All along the East Coast, officials are calculating what they need to do if Irene becomes the first major hurricane to strike there in seven years. A hurricane watch was issued today for much of the North Carolina coast.
From North Carolina islands connected to the mainland by just a handful of bridges to the waterlogged shores of New England, officials were scrambling to inspect bridges, sending naval ships away, dusting off evacuation plans and getting sandbags ready for potential floods. And considering where and when to move people out of harm’s way.
“You have to recognize that you’re living here on an island, and island living represents certain risks,” said Edward Mangano, county executive in Long Island’s Nassau County, where school buses were being moved to higher ground in case they’re needed to evacuate residents to storm shelters. “And those risks appear now, at least, to be tracking toward us.”
Irene could hit North Carolina’s Outer Banks on Saturday afternoon with winds around 115 mph (185 kph). It’s predicted to chug up the East Coast, dumping rain from Virginia to New York City before a much-weakened form reaches land in Connecticut. Finally, it should peter out in Maine by Monday afternoon.
A hurricane watch was issued early today for much of the North Carolina coast including the Outer Banks. A hurricane watch means hurricane conditions are possible within 48 hours. Also, a tropical storm watch was issued for much of South Carolina’s coast.
Craig Fugate, the head of the Federal Emergency Management Agency, urged people to find out if they are in an area that could need to evacuate, figure out which local official would give an evacuation order and pay attention to local broadcasters for that information. Among the most important tasks, he said, was figuring out a safe place to go before hitting the road.
“When you evacuate, you want to know where you’re going and make sure you have somewhere to go, not just get on the road with everybody else and hope you find some place,” Fugate said today on CBS’s “The Early Show.”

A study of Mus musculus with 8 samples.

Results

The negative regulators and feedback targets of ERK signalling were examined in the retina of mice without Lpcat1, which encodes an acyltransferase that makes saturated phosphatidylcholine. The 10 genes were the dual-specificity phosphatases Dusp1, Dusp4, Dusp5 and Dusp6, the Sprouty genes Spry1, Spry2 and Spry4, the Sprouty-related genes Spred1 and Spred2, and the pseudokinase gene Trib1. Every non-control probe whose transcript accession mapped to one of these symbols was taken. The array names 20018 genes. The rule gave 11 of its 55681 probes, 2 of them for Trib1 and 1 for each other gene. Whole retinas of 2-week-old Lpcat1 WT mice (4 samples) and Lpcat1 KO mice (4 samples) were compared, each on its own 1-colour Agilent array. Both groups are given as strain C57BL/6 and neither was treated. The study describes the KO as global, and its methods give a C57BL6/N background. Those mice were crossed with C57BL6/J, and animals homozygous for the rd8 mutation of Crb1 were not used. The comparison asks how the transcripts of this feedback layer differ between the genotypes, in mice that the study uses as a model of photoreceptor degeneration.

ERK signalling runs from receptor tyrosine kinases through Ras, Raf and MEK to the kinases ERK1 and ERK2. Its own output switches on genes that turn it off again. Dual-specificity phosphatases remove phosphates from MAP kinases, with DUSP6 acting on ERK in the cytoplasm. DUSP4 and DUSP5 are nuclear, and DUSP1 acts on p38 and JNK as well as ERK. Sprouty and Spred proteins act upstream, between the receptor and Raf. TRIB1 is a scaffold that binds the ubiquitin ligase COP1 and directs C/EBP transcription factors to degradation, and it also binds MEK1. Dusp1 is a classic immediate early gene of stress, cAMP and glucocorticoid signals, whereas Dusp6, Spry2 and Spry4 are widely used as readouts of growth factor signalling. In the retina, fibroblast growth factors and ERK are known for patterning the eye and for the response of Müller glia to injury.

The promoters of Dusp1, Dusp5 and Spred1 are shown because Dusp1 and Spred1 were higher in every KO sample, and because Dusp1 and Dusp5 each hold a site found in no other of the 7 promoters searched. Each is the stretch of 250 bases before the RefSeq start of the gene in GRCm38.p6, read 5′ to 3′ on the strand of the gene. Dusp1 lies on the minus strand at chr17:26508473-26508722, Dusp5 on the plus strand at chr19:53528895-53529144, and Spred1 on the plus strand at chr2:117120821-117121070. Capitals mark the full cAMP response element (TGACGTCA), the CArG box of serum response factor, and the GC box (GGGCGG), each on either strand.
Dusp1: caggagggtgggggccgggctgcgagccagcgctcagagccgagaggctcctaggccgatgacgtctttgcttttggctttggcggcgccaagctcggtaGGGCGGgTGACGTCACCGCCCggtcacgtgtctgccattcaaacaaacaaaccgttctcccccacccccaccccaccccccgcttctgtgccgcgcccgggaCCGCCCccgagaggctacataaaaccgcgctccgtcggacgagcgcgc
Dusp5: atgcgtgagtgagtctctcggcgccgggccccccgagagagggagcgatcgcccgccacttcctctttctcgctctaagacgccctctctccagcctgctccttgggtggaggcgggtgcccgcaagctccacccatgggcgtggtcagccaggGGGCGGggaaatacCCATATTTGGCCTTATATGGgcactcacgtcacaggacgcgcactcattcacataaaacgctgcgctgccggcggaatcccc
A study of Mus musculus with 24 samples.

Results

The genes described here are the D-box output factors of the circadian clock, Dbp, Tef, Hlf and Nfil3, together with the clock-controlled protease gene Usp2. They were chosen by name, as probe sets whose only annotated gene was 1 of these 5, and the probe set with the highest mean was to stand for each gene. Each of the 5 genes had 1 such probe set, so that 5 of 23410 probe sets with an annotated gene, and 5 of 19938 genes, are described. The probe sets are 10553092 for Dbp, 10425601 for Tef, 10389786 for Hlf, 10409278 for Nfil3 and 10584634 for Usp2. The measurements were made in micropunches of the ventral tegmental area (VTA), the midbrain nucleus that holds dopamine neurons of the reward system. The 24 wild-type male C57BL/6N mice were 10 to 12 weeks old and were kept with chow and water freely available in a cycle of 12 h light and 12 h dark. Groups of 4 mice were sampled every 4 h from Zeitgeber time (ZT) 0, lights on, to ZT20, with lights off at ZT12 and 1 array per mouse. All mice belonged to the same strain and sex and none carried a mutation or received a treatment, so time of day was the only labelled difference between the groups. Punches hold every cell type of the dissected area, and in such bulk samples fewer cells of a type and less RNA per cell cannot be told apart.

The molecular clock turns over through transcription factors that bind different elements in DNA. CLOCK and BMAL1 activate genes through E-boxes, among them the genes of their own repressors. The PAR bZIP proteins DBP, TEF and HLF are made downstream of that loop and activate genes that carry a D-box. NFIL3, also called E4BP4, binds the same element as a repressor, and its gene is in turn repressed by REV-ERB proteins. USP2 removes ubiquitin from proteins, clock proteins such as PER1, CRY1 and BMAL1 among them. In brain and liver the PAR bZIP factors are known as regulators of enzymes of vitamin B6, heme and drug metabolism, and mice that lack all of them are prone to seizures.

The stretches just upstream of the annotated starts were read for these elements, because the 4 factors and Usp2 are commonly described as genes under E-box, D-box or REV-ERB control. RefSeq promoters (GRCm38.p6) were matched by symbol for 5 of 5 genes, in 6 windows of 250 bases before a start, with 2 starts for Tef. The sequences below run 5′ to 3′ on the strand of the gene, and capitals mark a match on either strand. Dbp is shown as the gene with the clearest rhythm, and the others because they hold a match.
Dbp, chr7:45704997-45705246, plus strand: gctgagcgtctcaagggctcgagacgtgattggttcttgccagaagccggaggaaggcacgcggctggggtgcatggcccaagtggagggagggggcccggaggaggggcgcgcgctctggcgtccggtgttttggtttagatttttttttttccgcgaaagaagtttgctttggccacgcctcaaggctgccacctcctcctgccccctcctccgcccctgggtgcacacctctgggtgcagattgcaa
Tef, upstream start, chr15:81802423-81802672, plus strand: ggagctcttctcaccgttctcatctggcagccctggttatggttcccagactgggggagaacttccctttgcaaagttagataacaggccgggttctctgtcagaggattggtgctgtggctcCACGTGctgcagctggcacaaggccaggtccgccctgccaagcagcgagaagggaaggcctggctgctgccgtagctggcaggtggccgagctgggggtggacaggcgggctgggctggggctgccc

In Virginia, the U.S. Navy ordered the Second Fleet to leave Norfolk Naval Station to keep ships safe from the approaching hurricane. Today’s order applied to 64 ships in southeastern Virginia. Nine ships were already at sea early today with more on the way.
The Navy said ships that are under way can better weather such storms. The move will also help protect piers from being damaged.
Meanwhile, a new tropical depression formed far out over the Atlantic early today, with the National Hurricane Center saying it would likely become a tropical storm later in the day.
Even without hurricane-force winds, northeastern states already drenched from a rainy August could see flooding and fallen trees from Irene.
“You want to go into a hurricane threat with dry soil, low rivers, a half moon,” New Jersey state climatologist David Robinson said.
That is not the case. The Garden State has gotten twice as much rain this month as in a normal August, and high tide happens at 8 a.m. EDT on Sunday, when Irene might be passing by.
Early today, the storm was thrashing the Bahamas with widespread damage reported on at least two southern islands. It was a powerful Category 3 hurricane with winds at 115 mph (185 kph). Forecasters said the winds will ramp up quickly over the next day and Irene was expected to blow into a monstrous Category 4 with winds at least 131 mph (210 mph).
While the storm’s path isn’t definite, officials are taking nothing for granted.
In Maryland, inspections of bridges looking for cracks in the support piers and other structural features found no damage, according to state transportation agency spokeswoman Teri Moss. In Virginia, with a southeastern corner that could be in Irene’s way, cities along the coast are reviewing their evacuation plans, said Laura Southard, spokeswoman for the state Department of Emergency Management.
“If there is an evacuation, people don’t have to go to Richmond or Williamsburg,” she said. “They just have to get to higher ground. There are multiple routes out. Cities and localities work hard year-round on their plans.”
North Carolina’s Outer Banks, which look the likeliest to get a serious hit from Irene, have a long history of hurricanes, and building codes and emergency plans reflect that. Structures in the region are designed to withstand up to 110 mph sustained winds and gusts of up to 130 mph for three minutes. Evacuation routes are meticulously planned, down to the order in which counties hit the road.
Ocracoke Island, a tiny Outer Banks community, has already ordered visitors off, but it has special challenges since it’s only accessible to the mainland by boat. Dare County ordered evacuations to start today and Currituck County was weighing its decision.
Some of the region’s most popular destinations rely on the ailing Bonner Bridge, which was built in 1963 and intended to last 30 years, to connect Hatteras Island to the northern Outer Banks. There’s no other way to reach Hatteras except by boat.